Many organizations have started integrating robots for real-life actions. But using readymade robots can become an expensive affair. Also, Robot development by organizations themselves can be time-consuming.
Keeping this in mind, researchers of NYU Tandon School of Engineering and the Max Planck Institute for Intelligent Systems have developed a low-cost, open-source quadruped robot for labs and startups of low budgets- the Solo 8 v2.
The dog resembling robot – Solo 8, can be easily modified according to any organization’s individual needs. Reduced production time and optimized costs open doors to maximum possibilities for the Solo robot applications.
“For a research group to develop such a robot themselves, it takes easily four years of work,” said Badri-Spröwitz, leader of Dynamic Locomotion Research Group.
“Additionally, you need a wide range of expertise. Our platform is the combined knowledge of several teams. Now any lab worldwide can go online, download the files and print the parts, and buy the remaining components from the catalog. And everybody can add extra features within a few extra weeks. Done – you’ve got yourself a world-class robot.”
Solo 8 – 3D Printed Robot is Accessible
The Solo robot’s parts can be 3D printed or bought in a shop. The construction files are available for free under the BSD 3-clause license, enabling researchers to make maximum use of its setup while developing their robot version. The open-source quadruped robot can behave significantly similarly to its expensive counterparts.
It is made possible by its torque-controlled motors and actuated joints. Each robotic leg can change its length and angle. The robot can jump, walk-in multiple directions, and even rotate its legs to recover its posture if overturned.
The bot controller has been designed based on the Reinforcement learning framework developed by Open Dynamic Robot Initiative. The Solo robot uses virtual springs, not mechanical springs, and this allows researchers to make the robot jump with variable frequencies through programming.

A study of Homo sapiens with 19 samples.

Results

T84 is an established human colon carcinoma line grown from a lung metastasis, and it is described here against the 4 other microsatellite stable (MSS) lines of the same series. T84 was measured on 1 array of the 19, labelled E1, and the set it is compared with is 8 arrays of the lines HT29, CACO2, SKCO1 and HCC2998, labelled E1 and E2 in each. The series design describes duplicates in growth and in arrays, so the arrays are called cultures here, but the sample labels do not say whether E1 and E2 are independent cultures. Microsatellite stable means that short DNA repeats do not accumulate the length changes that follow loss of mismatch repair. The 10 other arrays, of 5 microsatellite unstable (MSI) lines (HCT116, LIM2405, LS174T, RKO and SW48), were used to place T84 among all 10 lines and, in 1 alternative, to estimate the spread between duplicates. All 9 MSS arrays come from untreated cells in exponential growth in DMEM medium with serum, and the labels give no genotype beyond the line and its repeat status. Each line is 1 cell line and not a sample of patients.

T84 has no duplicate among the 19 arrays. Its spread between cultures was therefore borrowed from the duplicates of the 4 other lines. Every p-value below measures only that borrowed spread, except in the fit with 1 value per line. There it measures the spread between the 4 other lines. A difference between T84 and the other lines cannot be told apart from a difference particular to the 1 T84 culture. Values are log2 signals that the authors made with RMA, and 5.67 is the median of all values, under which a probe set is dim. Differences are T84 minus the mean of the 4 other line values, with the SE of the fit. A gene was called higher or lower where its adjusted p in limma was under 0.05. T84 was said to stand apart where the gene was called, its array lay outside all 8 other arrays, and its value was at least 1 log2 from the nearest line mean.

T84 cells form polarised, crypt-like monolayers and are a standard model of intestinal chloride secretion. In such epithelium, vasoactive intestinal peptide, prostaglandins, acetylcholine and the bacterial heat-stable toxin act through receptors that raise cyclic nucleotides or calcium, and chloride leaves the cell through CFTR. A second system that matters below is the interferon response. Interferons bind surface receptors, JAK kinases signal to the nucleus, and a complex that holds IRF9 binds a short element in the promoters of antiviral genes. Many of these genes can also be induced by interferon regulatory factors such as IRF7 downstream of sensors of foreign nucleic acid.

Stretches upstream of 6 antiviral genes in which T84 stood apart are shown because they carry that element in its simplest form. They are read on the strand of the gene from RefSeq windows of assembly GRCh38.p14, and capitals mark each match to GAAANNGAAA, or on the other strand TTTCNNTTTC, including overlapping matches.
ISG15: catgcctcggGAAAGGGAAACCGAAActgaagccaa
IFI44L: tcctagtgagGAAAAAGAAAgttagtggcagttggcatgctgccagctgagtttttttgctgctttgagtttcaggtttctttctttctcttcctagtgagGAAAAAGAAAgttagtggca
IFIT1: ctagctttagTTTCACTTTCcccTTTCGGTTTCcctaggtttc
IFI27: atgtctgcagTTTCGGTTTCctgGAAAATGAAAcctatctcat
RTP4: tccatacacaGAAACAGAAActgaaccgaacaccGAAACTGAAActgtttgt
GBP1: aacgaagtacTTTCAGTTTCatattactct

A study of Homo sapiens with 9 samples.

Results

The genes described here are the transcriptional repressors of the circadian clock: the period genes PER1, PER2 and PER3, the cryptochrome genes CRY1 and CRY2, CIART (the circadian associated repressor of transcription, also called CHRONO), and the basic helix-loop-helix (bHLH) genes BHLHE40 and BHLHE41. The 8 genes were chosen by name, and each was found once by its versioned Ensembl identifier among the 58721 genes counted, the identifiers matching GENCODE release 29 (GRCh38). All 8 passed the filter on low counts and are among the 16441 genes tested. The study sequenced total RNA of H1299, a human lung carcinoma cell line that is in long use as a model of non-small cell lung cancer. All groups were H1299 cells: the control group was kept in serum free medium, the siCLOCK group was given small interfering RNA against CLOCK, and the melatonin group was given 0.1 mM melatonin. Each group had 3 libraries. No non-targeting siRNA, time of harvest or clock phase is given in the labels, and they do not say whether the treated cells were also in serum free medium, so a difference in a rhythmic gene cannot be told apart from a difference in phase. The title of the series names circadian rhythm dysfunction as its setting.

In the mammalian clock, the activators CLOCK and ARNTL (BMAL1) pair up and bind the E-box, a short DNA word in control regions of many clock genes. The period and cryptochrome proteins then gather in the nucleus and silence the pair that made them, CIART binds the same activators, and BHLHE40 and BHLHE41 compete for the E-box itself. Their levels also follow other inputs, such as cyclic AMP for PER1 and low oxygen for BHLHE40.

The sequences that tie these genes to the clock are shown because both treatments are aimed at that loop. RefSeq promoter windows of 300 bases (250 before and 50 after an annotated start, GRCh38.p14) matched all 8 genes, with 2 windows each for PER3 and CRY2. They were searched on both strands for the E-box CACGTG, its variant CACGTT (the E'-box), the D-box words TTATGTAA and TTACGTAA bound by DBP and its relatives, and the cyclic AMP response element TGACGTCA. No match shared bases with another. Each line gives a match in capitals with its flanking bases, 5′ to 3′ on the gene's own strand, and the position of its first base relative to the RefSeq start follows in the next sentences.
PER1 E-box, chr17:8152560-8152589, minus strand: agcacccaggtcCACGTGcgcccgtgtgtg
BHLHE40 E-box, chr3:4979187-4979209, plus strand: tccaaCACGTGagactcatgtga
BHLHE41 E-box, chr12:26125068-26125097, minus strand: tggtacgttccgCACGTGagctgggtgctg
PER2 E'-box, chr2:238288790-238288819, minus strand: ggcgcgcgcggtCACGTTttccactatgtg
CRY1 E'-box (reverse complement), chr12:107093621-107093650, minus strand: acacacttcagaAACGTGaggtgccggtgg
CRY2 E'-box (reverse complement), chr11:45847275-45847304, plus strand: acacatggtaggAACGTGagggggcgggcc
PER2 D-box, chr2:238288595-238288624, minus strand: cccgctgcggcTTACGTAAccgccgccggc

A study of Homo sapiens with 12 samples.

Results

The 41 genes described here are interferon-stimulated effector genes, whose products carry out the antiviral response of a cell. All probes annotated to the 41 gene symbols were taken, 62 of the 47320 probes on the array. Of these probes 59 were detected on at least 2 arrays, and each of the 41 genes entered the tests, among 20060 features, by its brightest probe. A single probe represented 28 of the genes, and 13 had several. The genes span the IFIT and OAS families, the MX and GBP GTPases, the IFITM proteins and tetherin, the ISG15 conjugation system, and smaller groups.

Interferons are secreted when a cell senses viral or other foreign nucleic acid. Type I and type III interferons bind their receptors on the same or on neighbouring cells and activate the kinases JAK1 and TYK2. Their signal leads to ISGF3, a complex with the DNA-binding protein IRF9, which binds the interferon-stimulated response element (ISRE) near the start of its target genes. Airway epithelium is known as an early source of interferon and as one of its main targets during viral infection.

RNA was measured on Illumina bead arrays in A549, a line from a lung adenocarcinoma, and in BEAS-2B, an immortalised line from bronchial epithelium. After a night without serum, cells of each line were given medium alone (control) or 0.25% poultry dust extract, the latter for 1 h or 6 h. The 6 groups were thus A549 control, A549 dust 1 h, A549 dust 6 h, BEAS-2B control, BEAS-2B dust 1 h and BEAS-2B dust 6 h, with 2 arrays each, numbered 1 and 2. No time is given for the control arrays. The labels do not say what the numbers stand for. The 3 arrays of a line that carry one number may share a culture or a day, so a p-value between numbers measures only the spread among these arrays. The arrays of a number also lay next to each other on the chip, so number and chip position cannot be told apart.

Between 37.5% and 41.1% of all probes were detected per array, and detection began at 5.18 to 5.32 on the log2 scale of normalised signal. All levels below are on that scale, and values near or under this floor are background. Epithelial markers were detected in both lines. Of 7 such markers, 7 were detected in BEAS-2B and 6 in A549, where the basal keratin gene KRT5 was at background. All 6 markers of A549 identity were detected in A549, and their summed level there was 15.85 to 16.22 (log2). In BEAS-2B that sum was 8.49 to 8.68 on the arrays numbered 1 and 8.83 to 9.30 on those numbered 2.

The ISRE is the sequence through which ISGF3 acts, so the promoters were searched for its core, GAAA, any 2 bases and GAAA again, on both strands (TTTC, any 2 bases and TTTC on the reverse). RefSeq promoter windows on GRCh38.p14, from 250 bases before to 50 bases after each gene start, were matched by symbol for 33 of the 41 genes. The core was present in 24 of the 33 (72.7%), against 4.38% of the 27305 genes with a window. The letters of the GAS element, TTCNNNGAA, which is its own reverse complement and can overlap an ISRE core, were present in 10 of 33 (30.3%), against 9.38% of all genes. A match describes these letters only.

Researchers can control the spring stiffness from soft to hard, and variable stiffness is what we witness in living animals. The Solo 8 robot has used the same concept, which helps the robot motions remain unaffected in drastic environmental changes such as surface height, damping, stiffness, etc.
Most quadruped robots are heavy, which makes them hard to handle. This is another point where the Solo robot is a step ahead. Solo 8 weighs just 2.2 kilos, and the lightweight makes it easier to transport and operate the robot.
“Our robot platform is a great base to quickly prototype and build high-performance hardware,” said Righetti, a research group leader at MPI-IS.
“In return, we benefit because other researchers can contribute to the project; for example, colleagues at the LAAS-CNRS in France have developed an electronic board to help communicate with the robot over WiFi.”
It is not the first time we have seen robotic development in the quadruped robot segment. But what makes the Solo robot different is its accessibility and the scope to tweak it in limited budgets. The researchers say that this open-source quadruped robot can be modified to meet one’s unique requirements with a few thousand euros. This step makes robotics accessible to a lot more researchers than any other bot produced.
The 3D printed robot’s name “Solo 8” represents the use of eight actuated joints in the bot. An advanced version of the robot, Solo 12, has recently been developed and tested. As the name suggests, the robot works with 12 degrees of freedom, three degrees per leg.
“Because of the additional degrees of freedom, it will be a lot more versatile and will be able to display more interesting and complex behaviors,” said Badri- Spröwitz.
In conclusion, we can say that the development of the Solo 8 robot can benefit both the robotic and 3D printing communities. The open-source code of the robot welcomes possibilities for significant growth in the Solo robot itself.